Measure 1: Resources

How ‘Resources’ were measured and the results the 2013 study produced.

A necessary condition for a well performing higher education system is that it is adequately resourced, whether by government or the private sector. One measure is expenditure of tertiary institutions as a share of GDP. But for low income countries, especially those with a high student-age population, a high share of GDP may not translate into high expenditure per student, so we also include the latter. In the absence of quality of teaching measures that are comparable across countries, resources per student in part serve as a proxy. In order to measure the contribution of tertiary education to a nation’s research effort we also include measures of expenditure on R&D in tertiary institutions. Thus our five measures of resources are:

  • R1: Government expenditure on tertiary education institutions as a percentage of GDP, 2009.
  • R2: Total expenditure on tertiary education institutions as a percentage of GDP, 2009.
  • R3: Annual expenditure per student (full-time equivalent) by tertiary education institutions in USD purchasing power prices, 2009.
  • R4: Expenditure in tertiary education institutions for research and development as a percentage of GDP, 2010.
  • R5: Expenditure in tertiary education institutions for research and development per head of population at USD purchasing power prices, 2010.

Government expenditure on higher education as a percentage of GDP is highest in Saudi Arabia, with four countries equal second: Denmark, Finland, Malaysia and Ukraine. Malaysia’s high position is in part due to its high capital expenditure. Compared with last year’s Rankings, the median level of expenditure has increased from 0.95 to 1.10 per cent of GDP, so that for a country to maintain its ranking, government expenditure must have increased. Norway, where government expenditure fell as a share of GDP, has fallen from equal first ranked in the 2012 Rankings to 14th in the 2013 Rankings. The United States slipped from rank 19 to rank 27, Croatia from 28 to 37. Conversely, Russia’s ranking improved from 26 to 18. Malaysia and India improved markedly in the Rankings as a result of more recent data becoming available (previously data were available for 2006 only).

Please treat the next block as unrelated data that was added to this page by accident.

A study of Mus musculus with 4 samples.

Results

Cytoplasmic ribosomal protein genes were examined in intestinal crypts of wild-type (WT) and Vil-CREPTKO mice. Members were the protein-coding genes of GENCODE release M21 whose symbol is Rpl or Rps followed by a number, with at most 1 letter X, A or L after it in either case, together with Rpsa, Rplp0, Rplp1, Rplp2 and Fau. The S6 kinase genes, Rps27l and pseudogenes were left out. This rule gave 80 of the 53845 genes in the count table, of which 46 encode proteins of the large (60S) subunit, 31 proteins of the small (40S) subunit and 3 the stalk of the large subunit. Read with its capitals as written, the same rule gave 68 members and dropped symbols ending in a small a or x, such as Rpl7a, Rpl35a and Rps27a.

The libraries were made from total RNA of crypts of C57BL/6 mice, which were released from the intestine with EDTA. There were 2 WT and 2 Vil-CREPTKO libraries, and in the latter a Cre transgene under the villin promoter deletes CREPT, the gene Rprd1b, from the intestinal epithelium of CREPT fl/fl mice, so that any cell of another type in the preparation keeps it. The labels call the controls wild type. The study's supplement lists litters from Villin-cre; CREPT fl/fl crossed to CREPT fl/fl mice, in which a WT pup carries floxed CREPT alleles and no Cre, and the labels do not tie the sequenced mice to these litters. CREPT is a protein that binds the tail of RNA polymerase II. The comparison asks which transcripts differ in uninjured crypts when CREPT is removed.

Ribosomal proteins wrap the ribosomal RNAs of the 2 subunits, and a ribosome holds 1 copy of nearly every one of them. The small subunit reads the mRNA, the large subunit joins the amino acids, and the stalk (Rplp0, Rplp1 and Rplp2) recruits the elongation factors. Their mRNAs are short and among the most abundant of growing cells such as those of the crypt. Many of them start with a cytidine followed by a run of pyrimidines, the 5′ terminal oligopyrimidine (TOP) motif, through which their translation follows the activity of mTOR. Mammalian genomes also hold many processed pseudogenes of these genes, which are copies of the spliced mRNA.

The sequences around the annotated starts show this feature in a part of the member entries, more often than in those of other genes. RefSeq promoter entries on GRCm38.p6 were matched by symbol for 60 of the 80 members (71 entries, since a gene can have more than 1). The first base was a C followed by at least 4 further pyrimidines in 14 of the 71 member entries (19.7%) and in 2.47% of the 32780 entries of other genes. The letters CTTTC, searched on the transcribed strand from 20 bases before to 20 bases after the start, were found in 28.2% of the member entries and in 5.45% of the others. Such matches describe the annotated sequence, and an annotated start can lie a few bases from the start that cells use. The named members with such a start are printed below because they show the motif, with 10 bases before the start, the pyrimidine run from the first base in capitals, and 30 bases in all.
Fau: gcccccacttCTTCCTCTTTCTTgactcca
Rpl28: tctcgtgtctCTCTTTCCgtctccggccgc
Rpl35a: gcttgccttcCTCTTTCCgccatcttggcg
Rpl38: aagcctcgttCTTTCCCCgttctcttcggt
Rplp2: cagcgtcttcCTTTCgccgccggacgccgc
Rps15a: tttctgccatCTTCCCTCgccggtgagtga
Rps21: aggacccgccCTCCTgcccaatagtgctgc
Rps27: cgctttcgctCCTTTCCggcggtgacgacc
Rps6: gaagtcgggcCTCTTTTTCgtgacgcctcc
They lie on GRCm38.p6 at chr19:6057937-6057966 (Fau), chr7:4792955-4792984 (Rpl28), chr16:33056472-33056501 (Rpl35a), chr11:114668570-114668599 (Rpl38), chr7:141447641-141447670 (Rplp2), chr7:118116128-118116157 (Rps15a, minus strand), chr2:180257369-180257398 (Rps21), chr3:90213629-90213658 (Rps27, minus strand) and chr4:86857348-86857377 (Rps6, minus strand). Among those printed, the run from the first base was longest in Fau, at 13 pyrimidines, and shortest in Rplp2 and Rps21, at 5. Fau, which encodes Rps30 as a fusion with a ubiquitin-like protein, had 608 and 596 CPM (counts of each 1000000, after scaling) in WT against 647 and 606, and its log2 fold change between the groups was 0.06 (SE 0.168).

As in last year’s Rankings, the highest levels of total expenditure on education as a share of GDP occur in two countries with high levels of private expenditure (above 1.5 per cent of GDP), Korea and the United States. Total expenditure as a share of GPD is next highest in Canada, Chile, Malaysia and Saudi Arabia.

The United States continues to dominate the expenditure per student rankings. Switzerland and Canada are next in the rankings but the absolute level of expenditure per student is only three-quarters that in the United States. Changes compared with the 2012 Rankings are small (never more than four places) which implies that changes in the GDP shares (both R1 and R2) are driven primarily by changes in GDP and that expenditures on higher education do not closely follow short-term fluctuations in GDP. Note that the data relate to a period of above average variations in GDP during the Global Financial Crisis.

Expenditure by tertiary institutions on research and development is highest in Denmark and Sweden; expenditure is also high in Finland, the Netherlands and Switzerland. Compared with the 2012 rankings, R&D expenditure in tertiary institutions has risen relatively in Poland and Slovakia but fallen in Croatia and Italy.

In averaging over the five variables we give a double weight to R1, R2 and R3. The highest ranked country is Denmark followed by Canada and Sweden. The next ranked countries are Finland, the United States and Switzerland. Compared with the 2012 Rankings, Chile has risen 10 places and Malaysia has risen 11 places. Our previous method of dealing with missing values gave an upward bias to the ranking of countries with relatively low levels of GDP. The new rankings for Iran, Thailand, Turkey and Ukraine more accurately reflect their true positions.